Tue, 28 Oct 2014

Profile on the Restart Project's blog

The Restart Project is publishing on its blog a series of profiles of regular restarters. I was featured in the second profile. Here's a copy of the post:

Restarter Profile: Meet Panda

Panda at a Restart Party

Tell us a little about yourself.

I moved to London from Paris twenty-one years ago. I have studied computer science and criminology, and worked as a software developer, a technologist and a journalist. I am autistic and have been described as ‘calm, almost too calm’.

When did you start repairing electronics and electricals?

Before the web had been invented. A lot of my early repairs were telecoms related: RS232 cables, modems and phones, and computers as well.

Why do you attend Restart Parties?

To empower others to regain control of their devices. For more than thirty years I’ve been demystifying new technologies and software development, initially, and how to reclaim our civil liberties, later. The collaborative repairing going on at Restart Parties are occasions to demystify repair and to empower participants to fix their electronic and electrical devices. It is for this transformative process, when people realise that many repairs are accessible to them, that I am involved with the Restart Project.

What is your favourite kind of repair?

The variety is interesting, but what is most gratifying is when someone arrives hoping for a free fix and leaves having fixed their device mostly on their own. It is the process of discovery, when they realise that they are already knowledgeable: that if they have changed a fuse they likely understand the need for electric continuity; that if they have ever touched a lit lightbulb they likely realise that electric devices get hot. Fixing their device is a small step from that knowledge: when a device stops working, first steps are to check that everything is still connected, that electricity flows, and that there’s no dust or crumbs blocking any fan so the heat is not trapped inside. The next realisation is that some simple tips go a long way: how not to end up with a pile of screws, use a pill box or an egg carton to store them so it’s easy to find which screws are used at which step when time comes to reassemble things. The skills needed for such repairs are a lot of common sense, some limited experience (learnt in the process), good research skills and access to a few tools.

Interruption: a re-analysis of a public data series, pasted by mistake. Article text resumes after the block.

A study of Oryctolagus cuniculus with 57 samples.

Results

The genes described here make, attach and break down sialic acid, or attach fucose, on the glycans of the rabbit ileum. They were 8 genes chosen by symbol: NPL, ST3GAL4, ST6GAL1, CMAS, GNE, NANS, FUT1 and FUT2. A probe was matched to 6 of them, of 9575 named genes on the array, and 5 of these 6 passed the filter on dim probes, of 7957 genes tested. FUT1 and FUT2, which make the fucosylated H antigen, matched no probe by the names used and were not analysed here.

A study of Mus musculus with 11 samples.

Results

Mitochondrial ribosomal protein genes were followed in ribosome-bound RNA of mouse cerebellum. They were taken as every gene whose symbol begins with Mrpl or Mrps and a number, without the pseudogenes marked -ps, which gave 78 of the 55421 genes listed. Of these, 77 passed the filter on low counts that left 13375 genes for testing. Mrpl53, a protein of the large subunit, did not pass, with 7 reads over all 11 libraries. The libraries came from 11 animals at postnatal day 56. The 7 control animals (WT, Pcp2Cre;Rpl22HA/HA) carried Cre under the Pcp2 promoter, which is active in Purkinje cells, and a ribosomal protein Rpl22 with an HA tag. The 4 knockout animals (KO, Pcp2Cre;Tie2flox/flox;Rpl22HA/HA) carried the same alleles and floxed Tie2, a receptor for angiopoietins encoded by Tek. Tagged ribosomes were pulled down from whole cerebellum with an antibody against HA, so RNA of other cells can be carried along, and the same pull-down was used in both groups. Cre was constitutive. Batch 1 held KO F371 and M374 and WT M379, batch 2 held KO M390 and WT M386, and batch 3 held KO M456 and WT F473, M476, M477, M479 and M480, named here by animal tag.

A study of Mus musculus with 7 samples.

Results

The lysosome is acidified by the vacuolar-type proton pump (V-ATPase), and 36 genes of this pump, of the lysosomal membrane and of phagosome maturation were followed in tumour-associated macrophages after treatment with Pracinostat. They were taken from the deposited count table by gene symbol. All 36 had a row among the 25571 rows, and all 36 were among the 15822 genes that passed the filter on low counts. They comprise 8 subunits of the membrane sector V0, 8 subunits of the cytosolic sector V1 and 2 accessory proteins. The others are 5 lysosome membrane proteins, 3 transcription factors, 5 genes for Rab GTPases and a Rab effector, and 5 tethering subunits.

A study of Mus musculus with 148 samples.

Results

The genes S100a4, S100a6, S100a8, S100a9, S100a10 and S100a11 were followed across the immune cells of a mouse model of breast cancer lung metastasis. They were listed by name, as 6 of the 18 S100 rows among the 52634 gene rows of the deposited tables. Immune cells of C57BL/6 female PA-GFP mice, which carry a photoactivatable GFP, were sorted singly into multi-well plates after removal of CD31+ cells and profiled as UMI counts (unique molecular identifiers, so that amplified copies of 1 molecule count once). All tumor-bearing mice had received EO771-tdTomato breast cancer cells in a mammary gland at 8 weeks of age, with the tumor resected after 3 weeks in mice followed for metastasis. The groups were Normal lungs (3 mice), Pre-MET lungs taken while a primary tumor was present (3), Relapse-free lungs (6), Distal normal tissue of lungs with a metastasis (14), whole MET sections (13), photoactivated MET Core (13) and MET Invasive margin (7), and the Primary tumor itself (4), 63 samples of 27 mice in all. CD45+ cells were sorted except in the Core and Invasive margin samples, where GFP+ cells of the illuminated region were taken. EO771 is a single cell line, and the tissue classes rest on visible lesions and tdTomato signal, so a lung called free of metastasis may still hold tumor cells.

What do you do when you are not Restarting?

Learn, research, occasionally write. Check on the welfare of the detained persons by making unannounced visits to the custody suite of police stations. Write (too many) Freedom of Information requests. Walk.

What frustrates you (in life)?

Injustice. Noise. Surveillance. Crowds. Deaths in custody. Cars. Waste.

What gets you out of bed in the morning?

Restart Parties, Qi Gong, police custody visits, mornings of mindfulness, conferences. Though mornings are difficult and best avoided.

What’s the first thing – one material thing – that you could not live without? (besides oxygen, food, water, and shelter and medical care)

In this weather, a hat.

Share something cool with us [preferably a link]

The Horse is Technology, by Thich Nhat Hanh

Bootnote: Read an earlier post about my experience of becoming a restarter.